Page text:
Getting the Subterranean Homesick Blues…
Every time we’re heading back up to the Midlands I always have a sneaky look at the puzzles to see whether there are any on the D/T grid that we can pick off (I make it sound easy saying it like that but they’re never easy!).
One that really caught my eye for it’s D5T3.5 rating was called ‘Subterranean Homesick Blues‘ and, as it was named after a song by an artist I’m fond of I thought I’d have a quick look, assuming that with a difficulty 5 rating I’d probably just end up giving up on the idea after reading the cache page. However, things took an interesting turn when I managed to find my way through the first part of the puzzle and I soon became hooked on it!
After reaching the end of the first trail I made very little headway and had no idea which direction to take. The cache page hints at the Bob Dylan song of the same name and so I chased all possible solutions in relation to Mr Dylan but reached a new dead end.
I passed my workings out over to my partner in crime and he too became transfixed by the puzzle and took a completely different direction to me. Within a few days we were struck by the glaringly obvious thing that we hadn’t tried and minutes later we were into the next stage of the puzzle!!!
Did I mention there were about 5 parts to this cache? No wonder the difficulty rating was so high!
Once into the ‘subterranean bunker’ we were greeted by more devious puzzles, some of which required more effort than others to decipher, and some ciphers that we were lucky to have come across in solving previous geocaches. But there was one particularly stubborn stage that we just couldn’t get through. Another couple of days passed and we wondered whether we would ever break the final code…
‘It’s always the last thing you try’ or so that immortal saying goes…but then you wouldn’t try anything else once you’ve figured it out would you 😉 and neither did we once we’d got it! It was so satisfying seeing the page which confirmed that we’d got the solution…and it all happened the night before we were due to leave for Mansfield too. Definitely an omen for a mzadventure if ever there was one!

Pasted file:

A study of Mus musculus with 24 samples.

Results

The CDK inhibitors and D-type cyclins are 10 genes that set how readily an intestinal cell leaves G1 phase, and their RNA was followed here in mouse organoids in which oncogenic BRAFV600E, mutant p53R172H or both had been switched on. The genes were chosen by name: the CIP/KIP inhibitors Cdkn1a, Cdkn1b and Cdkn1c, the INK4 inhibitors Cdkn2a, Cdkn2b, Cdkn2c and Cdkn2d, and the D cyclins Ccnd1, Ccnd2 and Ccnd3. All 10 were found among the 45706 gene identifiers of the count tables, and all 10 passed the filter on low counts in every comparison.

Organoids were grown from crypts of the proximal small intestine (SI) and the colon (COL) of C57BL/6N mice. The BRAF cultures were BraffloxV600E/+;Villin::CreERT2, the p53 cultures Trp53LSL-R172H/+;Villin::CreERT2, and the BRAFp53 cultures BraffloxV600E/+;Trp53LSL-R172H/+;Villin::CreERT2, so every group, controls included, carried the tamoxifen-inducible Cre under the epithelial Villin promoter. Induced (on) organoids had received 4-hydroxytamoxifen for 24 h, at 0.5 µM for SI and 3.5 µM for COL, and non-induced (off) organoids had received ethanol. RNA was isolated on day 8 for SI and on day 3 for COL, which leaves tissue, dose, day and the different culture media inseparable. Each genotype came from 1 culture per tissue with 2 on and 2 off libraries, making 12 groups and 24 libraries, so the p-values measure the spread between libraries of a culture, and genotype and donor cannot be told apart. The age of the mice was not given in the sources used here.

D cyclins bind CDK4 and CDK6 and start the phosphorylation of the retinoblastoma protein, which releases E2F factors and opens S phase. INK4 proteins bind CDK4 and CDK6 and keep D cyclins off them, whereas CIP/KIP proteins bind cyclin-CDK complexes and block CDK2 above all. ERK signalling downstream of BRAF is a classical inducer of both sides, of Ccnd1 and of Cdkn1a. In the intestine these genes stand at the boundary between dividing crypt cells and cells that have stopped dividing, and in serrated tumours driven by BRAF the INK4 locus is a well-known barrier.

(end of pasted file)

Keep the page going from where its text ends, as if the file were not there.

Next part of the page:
And so, on the way back from our treasure hunting trip in Newark we decided to take a slightly longer route home to pick this one up. My Mum had been out walking around this area and so was familiar with the route to it, but she opted to stay in the car with my brother whilst we went to find it. I did warn her that we might be a while as I saw it was quite a walk from where we were parked and I’d noticed that there’d been a few DNF’s on the cache page which suggested it wasn’t easy. With the 3.5 terrain rating I was expecting there to be some climbing involved so I was just praying that the sun wouldn’t set before we’d reached GZ…
Once there however the terrain rating made complete sense! Definitely an interesting spot for sure. It took us quite a while to locate the cache as the included ‘spoiler’ picture gave no real clue as to the size of the container and so with a bit of patience and some trial and error…the familiar, ‘I’ve got it’, cry was heard and the cache was in hand!
Hallelujah! We signed the cache as the sun was setting and made our way back to my patiently awaiting family who congratulated us on the find 🙂 Happy days!
I really recommend having a go at this one, even if you only get through a couple of stages of it, it’s created beautifully and it’s definitely one of the most ingenious we’ve come across for a while!
It’ll also give you an excuse to watch Bob Dylan’s “Subterranean Homesick Blues” video which is said to be one of the first rap videos…whether that’s true or not doesn’t matter, it’s still a great song, with some interesting ‘subliminal’ messages, that’s worth a listen. 😉
Although personally I think I’ll be glad not to hear it for a while after doing this geocache!!
Happy hunting folks and thanks again for the geocache ‘HH’!